I got involved in the Hurricane Sandy Response via Team Rubicon USA (teamrubiconusa.org), a veteran lead disaster response non-profit I volunteer for. Rubicon uses the skills of veterans to meet the needs of communities affected by disasters. Rubicon seeks to bridge the time gap between the disaster and when large scale or long term aid arrives. This work also helps veterans rediscover a sense of purpose, mission and belonging. For Hurricane Sandy, Team Rubicon quickly mobilized an all hands operation (Operation Greased Lightning) to meet the needs of the worst natural disaster to hit the North East in generations. What made the disaster worse in the area I deployed to was the nature of the affected communities. The area was tight knit, almost Mayberryish despite being part of Queens. Almost everyone's extended family lived in the same area and so they all suffered damaged. These people had no where to go. Once on the ground in Far Rockaways, I initially asked to put my search and rescue experience in using grid patterns to work by canvassing neighborhoods, making contact with residents to find those in need, doing damage assessments and generating work orders. Later on, I lead teams into ruined basements to quickly gut them to both combat the black mold that rapidly became endemic and so that the residents could get electricians and plumbers in to reconnect them to the grid. Thankfully I had my respirator with me. You could smell the mold from the street and many of the residents were already showing signs of upper respiratory problems from the mold. It was incredibly rewarding work. Each basement we gutted saved the resident somewhere between three and twenty-five thousands dollars that for hire services were charging. Rubicon did it for free. Also with winter breathing down our necks we were in a race to get basements gutted so that the lights and heat could be turned back on. In fact shortly after arriving, a Nor' Easter blew in and covered everything with snow as a start reminder of what the people of this area were facing. I ended up spending thirteen days on the ground there. Oh, I got to meet real heroes there as well. Not just fellow members of Rubicon, but FDNY firefighters. One of the neighborhoods we worked lost sixty people on 9-11. Having a retired captain who barely escaped the collapsing towers tell me thank you was humbling.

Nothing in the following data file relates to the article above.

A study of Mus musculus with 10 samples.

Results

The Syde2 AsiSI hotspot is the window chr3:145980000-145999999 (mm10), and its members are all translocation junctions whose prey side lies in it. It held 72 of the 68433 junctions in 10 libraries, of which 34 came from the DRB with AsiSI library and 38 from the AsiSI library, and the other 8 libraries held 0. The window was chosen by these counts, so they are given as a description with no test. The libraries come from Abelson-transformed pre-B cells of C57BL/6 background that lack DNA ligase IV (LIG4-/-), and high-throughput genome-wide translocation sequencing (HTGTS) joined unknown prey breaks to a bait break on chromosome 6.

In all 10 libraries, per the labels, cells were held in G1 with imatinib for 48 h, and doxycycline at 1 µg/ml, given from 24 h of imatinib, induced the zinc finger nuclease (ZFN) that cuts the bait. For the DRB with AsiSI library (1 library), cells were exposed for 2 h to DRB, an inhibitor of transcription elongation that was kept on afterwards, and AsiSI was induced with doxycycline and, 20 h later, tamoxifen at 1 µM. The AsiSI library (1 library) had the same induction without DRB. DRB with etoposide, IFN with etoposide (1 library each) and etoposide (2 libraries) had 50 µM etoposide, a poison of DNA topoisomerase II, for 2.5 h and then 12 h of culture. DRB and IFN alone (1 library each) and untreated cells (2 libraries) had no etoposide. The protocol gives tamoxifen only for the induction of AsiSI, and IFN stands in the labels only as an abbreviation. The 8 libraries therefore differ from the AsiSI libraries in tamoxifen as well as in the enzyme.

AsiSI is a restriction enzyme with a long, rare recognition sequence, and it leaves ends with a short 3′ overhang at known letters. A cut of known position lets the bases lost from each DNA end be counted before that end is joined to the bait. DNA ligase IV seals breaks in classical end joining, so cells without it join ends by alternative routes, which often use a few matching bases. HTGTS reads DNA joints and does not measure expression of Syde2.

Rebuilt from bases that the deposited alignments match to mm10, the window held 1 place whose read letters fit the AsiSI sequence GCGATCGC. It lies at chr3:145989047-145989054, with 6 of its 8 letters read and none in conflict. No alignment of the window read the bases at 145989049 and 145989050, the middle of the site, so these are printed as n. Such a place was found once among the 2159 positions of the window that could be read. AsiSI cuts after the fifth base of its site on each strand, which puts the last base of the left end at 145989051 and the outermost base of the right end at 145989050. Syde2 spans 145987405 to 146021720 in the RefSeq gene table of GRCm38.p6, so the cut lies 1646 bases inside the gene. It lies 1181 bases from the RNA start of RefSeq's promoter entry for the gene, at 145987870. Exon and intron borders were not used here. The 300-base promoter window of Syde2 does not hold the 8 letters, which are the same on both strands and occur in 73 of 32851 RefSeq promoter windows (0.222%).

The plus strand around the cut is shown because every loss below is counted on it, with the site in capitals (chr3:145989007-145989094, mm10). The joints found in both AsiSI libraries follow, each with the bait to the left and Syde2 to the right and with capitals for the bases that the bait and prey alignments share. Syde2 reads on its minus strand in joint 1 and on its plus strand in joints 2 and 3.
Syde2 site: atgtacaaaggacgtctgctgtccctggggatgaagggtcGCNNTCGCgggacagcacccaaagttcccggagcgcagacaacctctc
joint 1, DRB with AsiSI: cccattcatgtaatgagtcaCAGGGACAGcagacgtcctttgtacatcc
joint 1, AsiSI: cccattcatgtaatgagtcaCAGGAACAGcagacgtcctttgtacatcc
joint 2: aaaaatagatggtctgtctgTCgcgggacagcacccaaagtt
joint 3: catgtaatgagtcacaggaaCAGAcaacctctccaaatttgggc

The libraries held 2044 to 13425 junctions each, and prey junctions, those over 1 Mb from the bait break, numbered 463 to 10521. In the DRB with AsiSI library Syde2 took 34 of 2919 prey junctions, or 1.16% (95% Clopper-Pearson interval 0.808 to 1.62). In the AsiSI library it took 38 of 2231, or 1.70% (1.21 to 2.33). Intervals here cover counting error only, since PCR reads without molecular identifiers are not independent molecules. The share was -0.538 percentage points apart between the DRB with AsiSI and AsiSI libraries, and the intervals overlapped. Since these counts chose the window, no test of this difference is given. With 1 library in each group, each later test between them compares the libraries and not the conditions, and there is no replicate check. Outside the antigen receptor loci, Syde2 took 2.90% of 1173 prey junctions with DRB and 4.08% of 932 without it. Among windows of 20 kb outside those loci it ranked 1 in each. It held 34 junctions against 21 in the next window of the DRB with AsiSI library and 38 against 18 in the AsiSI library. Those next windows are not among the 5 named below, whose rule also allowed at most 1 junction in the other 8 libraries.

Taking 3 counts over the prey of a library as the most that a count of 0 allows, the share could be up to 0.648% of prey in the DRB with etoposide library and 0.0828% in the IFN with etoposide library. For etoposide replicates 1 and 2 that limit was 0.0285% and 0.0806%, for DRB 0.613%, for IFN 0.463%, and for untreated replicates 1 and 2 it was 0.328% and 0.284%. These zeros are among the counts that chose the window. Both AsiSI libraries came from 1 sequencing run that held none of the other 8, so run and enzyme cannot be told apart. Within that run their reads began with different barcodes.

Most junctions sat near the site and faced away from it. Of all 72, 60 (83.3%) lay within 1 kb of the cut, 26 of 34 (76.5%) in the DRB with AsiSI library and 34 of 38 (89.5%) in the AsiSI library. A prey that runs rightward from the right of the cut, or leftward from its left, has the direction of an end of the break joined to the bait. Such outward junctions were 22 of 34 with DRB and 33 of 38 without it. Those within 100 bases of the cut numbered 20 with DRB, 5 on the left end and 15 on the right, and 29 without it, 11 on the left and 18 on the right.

- How are rescue crews responding to storm rescue and recovery in Oklahoma?
- What have you found are the most useful tools in SAR?
- How does your volunteer team get its funding?
- What are the biggest challenges you face?
- How did you become a SAR Leader?
- How was your team involved in the Hurricane Sandy Rescue Efforts?